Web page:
MISSOULA — When a team loses its head coach, the league MVP and six others who were consistent starters or played the bulk of the minutes, usually things go south the year after.
Eastern Washington lost former head coach Shantay Legans to Portland after he took the Eagles to the 2021 NCAA Tournament and gave No. 2 seed Kansas a slight scare in the Round of 64.
Legans took a few players with him to Portland between Michael Meadows, Jack Perry and Tyler Robertson. Others like the 2021 Big Sky player of the year Tanner Groves and his brother Jacob (Oklahoma), along with Kim Aiken Jr. (Arizona) and Jacob Davison (Cal Poly) all left for other Division I opportunities.
But the Eagles haven't bottomed out this season.
In fact, it looks like the team has reloaded surprisingly well. Key transfers, adding 12 newcomers and in-program development of players who stayed to play for first-year head coach David Riley, who was promoted to head coach after he was an assistant on Legans' staff, has the Eagles in a good spot through 14 games.
The Eagles have won three straight over Montana (10-5, 2-1 Big Sky), all last season, as Grizzlies head coach Travis DeCuire is 8-8 all time against Eastern Washington.
Heading into Thursday's game in Cheney, Washington, the preparation remains the same, even if the Eagles look a tad different.
"Systematically they are very similar to what they have been in the past," DeCuire said Wednesday morning at Dahlberg Arena before film and practice. " ... Your scout is always based off what you see in film. Even Weber State brought back a healthy number of players from last year, well some of those guys aren't playing. But they run the same offense they ran last year.
"You address the system — the things they do offensively and the things they do defensively — based on what you see on film," DeCuire continued. "They changed their defense, but at the same time you have some familiarity with some of the returners so you address those and the new guys you just watch as many games as you can and make yourself familiar with them."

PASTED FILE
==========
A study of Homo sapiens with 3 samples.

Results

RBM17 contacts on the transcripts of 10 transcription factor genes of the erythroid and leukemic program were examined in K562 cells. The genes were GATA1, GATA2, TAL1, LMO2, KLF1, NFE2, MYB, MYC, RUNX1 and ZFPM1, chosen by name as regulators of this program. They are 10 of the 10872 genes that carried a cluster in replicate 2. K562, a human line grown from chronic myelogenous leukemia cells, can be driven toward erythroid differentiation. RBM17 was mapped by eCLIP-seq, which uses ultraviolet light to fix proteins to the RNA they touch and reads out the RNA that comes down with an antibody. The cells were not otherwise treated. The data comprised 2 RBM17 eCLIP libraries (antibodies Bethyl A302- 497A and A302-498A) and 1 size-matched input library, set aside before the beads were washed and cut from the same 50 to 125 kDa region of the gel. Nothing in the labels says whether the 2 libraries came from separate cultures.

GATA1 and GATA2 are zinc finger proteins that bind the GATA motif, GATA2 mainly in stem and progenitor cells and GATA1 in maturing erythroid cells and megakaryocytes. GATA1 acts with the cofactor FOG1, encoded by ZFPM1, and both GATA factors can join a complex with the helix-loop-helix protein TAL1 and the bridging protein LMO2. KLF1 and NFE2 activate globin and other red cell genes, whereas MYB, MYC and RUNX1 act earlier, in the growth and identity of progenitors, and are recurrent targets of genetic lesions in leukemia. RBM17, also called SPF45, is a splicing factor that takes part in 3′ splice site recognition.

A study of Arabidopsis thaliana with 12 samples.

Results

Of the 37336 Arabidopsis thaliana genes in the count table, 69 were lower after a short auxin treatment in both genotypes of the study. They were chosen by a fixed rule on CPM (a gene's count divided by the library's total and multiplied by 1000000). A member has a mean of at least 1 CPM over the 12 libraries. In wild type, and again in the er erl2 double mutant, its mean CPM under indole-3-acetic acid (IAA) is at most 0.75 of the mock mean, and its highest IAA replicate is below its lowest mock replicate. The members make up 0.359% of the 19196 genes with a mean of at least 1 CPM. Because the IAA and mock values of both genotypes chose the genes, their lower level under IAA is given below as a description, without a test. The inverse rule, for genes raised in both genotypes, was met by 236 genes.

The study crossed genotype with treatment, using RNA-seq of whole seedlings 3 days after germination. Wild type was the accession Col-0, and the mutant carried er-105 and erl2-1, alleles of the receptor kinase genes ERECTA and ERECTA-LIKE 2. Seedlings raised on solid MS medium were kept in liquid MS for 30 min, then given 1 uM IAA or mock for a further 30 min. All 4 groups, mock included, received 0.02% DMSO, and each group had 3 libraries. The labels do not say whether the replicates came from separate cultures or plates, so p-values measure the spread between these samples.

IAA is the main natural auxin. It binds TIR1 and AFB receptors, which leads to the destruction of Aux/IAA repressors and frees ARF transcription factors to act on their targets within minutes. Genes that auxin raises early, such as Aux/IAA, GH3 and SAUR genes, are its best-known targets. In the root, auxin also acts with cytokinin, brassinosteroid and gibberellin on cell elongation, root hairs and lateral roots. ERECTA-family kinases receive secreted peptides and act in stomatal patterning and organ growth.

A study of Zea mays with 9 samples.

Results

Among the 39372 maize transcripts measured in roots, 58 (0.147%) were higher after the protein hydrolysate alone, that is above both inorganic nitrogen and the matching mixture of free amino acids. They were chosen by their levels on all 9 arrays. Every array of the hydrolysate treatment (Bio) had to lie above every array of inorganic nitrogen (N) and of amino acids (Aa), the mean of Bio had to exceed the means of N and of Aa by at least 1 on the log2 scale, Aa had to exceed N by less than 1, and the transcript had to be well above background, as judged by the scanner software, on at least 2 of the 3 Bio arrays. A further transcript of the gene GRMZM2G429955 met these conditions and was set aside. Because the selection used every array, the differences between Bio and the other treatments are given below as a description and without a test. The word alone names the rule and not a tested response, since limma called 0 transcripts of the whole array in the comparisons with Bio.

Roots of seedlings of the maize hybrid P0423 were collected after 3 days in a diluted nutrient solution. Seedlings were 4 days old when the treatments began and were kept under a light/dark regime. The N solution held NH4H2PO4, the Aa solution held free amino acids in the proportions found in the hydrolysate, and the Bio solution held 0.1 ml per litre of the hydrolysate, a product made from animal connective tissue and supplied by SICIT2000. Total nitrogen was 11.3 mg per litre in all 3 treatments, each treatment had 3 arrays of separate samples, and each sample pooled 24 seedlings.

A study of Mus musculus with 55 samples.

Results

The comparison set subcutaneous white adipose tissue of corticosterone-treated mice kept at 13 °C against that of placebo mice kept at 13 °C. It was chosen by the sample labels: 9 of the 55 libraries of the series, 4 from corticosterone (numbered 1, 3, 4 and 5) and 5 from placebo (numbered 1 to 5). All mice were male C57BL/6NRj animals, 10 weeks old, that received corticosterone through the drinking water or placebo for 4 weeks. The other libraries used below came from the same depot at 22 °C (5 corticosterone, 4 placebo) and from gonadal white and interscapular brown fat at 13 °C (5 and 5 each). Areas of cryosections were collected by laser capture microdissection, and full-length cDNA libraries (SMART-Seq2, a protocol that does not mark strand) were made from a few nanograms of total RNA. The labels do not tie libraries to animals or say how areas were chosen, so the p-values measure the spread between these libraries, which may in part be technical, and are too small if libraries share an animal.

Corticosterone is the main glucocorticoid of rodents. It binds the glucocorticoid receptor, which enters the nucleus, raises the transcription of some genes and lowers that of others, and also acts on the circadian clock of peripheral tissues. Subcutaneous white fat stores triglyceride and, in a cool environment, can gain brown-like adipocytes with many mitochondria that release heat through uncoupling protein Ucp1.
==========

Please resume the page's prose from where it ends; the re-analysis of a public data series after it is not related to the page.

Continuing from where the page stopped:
Between players who have led the reload like 6-foot-7 wing Steele Venters, in his second season at EWU, averaging 17.3 points per game on 49% field-goal shooting, 46% 3-point shooting and a 80% clip from the charity line, and Division-II transfer Linton Acliese snagging 15.8 points per contest, the Eagles have been solid.
The Eagles play pretty much the way they have the past few seasons. Riley has added his own niche to the Eagles, but the basics remain the same. EWU ranks among the best in the Big Sky in offensive efficiency and pace.
Montana knows what to expect. A team that likes to score, get into you on the other end and play fast.
"They really on it a lot, and they have really talented players, but that system has been the same the last couple years," Grizzlies forward Mack Anderson said before practice Wednesday morning. "It really just comes down to us executing our game plan defensively and playing harder than them."
Of course, though, Thursday's game against EWU is the first of a loaded week. It is hard to not look too far ahead to Sunday's game in Bozeman against Montana State, but that is what the Grizzlies are doing. As always, the focus is on the Thursday game, then Montana will start prepping for Montana State first thing Friday.
"Just like any weekend, on Thursday we deal with Thursday," DeCuire said. "We don't really address our Saturday or Sunday game with our team until Friday morning."
Tip off is set for 7 p.m. (MT) at Reese Court in Cheney, Washington.